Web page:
Friday, March 23, 2012
There's a reason President Obama, Mitt Romney, Paul Ryan and many others are touting tax reform these days. On the campaign trail, it taps into deeply held beliefs about the way American society ought to work and the role of government.
Seventy-seven percent think it's important to replace the entire federal tax code with something simpler. Seventy-one percent favor a tax code with lower tax rates and very few deductions.
The desire for fewer deductions stems from a couple of sources. One is an underlying belief that those wealthy enough to hire the best lawyers and accountants can find more loopholes than ordinary taxpayers. The other is a reluctance to have government picking winners and losers with special tax breaks. Half of all voters believe that a tax code with no deductions and lower rates would help the economy. Just 13 percent believe it would hurt.
But the reality of designing a reform plan that matches up with those beliefs is far more challenging. The central challenge can be seen in the results of two recent polls by Rasmussen Reports. The first found that 58 percent of voters nationwide think everyone should pay the same share of their income in taxes. So if someone earns twice as much as another person, they should pay twice as much in taxes. Flat-tax advocates seize on such data as proof that voters support their dreams, but that's not really the case.
The second piece of data shows that 66 percent believe the middle class pays a higher share of their income in taxes than the wealthy do. This means that part of the desire for everyone to pay the same share of their income in taxes comes from a desire to have upper-income Americans pay as much as the middle class does.
Whenever I mention that perception to tax reformers, they get frustrated and cite data showing that upper-income Americans pay more, not less, of their income in taxes. That's where implementation of a truly flat tax becomes a policy nightmare. A flat tax would increase the taxes paid by the middle class and cut taxes paid by upper-income Americans. In other words, it would achieve exactly the opposite result of what most Americans are looking to accomplish.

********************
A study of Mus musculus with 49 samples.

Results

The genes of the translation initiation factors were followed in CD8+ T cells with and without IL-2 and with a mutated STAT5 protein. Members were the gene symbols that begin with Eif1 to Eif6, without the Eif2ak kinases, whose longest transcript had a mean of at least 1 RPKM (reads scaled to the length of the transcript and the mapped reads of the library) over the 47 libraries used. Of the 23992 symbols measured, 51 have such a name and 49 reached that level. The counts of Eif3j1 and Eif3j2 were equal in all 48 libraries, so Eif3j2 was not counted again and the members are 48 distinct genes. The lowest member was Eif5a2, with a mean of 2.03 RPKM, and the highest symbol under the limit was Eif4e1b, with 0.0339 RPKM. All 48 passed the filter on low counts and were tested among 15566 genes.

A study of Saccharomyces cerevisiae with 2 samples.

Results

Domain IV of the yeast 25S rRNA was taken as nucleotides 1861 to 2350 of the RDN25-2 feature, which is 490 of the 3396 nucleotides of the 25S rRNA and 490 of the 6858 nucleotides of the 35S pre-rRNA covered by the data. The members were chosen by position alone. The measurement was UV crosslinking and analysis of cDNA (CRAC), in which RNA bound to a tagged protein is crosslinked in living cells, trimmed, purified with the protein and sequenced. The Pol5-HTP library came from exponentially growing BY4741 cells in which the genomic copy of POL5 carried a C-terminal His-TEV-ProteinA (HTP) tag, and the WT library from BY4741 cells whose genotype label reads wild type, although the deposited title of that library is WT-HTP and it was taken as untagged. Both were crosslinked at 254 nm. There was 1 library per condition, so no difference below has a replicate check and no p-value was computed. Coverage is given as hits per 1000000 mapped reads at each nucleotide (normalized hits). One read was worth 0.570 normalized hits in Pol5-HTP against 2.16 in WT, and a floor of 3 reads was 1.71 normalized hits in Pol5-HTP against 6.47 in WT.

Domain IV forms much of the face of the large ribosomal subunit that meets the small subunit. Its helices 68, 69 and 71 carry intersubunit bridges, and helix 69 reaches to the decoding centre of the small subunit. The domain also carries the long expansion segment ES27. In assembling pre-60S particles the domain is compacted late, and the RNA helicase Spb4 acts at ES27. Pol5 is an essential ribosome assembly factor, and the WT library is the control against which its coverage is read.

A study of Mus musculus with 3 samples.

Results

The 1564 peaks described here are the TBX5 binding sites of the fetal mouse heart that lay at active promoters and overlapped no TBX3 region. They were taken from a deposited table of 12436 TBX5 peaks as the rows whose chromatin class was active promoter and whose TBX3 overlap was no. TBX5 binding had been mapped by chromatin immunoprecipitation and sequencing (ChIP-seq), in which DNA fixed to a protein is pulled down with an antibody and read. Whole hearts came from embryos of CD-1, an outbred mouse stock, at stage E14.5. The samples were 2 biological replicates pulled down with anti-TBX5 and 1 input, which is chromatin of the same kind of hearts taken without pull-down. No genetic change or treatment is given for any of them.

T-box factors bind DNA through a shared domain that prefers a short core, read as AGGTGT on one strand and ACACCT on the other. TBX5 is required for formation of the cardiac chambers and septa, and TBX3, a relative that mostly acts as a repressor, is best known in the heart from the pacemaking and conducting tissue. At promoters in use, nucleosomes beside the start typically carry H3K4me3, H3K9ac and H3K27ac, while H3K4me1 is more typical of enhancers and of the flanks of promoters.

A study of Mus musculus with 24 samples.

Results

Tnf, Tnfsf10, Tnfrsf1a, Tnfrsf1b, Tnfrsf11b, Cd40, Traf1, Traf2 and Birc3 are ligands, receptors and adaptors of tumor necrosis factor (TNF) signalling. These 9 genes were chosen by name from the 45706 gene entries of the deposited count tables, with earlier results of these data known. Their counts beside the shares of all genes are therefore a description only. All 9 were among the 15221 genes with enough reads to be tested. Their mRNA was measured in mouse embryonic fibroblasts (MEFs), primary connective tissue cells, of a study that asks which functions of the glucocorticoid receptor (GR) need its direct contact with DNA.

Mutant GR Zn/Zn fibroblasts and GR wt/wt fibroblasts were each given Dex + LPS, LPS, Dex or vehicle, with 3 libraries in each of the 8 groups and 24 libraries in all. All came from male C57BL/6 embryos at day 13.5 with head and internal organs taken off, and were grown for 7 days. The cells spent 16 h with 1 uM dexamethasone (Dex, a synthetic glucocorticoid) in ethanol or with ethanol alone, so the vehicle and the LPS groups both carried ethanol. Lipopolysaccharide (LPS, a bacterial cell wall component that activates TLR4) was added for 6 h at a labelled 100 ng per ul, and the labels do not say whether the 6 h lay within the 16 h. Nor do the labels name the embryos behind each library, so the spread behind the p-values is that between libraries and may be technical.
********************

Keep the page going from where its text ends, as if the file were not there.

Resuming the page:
Still, it's possible to talk about fundamental reform and retain some graduated rate structure. Most voters (54 percent) favor a proposal that would eliminate all deductions and include three tax rates: 5 percent on the first $50,000 of taxable income, 10 percent on income between $50,000 and $100,000, and 20 percent on income earned above the $100,000 mark. Only 25 percent of voters are opposed.
One of the reasons such a conceptual plan draws support is that it's grounded in a reality that some reformers occasionally forget. Americans pay taxes on lots of things besides their income. Some taxes (sales taxes and payroll taxes) do take a higher share of income from lower and middle-income Americans. So a graduated income tax to balance that out seems fair to most voters, not to soak the rich but to make sure that all Americans are treated equally.
COPYRIGHT 2012 SCOTT RASMUSSEN
DISTRIBUTED BY CREATORS.COM
See Other Political Commentaries.
See Other Commentaries by Scott Rasmussen
Rasmussen Reports is a media company specializing in the collection, publication and distribution of public opinion information.
We conduct public opinion polls on a variety of topics to inform our audience on events in the news and other topics of interest. To ensure editorial control and independence, we pay for the polls ourselves and generate revenue through the sale of subscriptions, sponsorships, and advertising. Nightly polling on politics, business and lifestyle topics provides the content to update the Rasmussen Reports web site many times each day. If it's in the news, it's in our polls. Additionally, the data drives a daily update newsletter and various media outlets across the country.
Some information, including the Rasmussen Reports daily Presidential Tracking Poll and commentaries are available for free to the general public. Subscriptions are available for $4.95 a month or 34.95 a year that provide subscribers with exclusive access to more than 20 stories per week on upcoming elections, consumer confidence, and issues that affect us all. For those who are really into the numbers, Platinum Members can review demographic crosstabs and a full history of our data.
To learn more about our methodology, click here.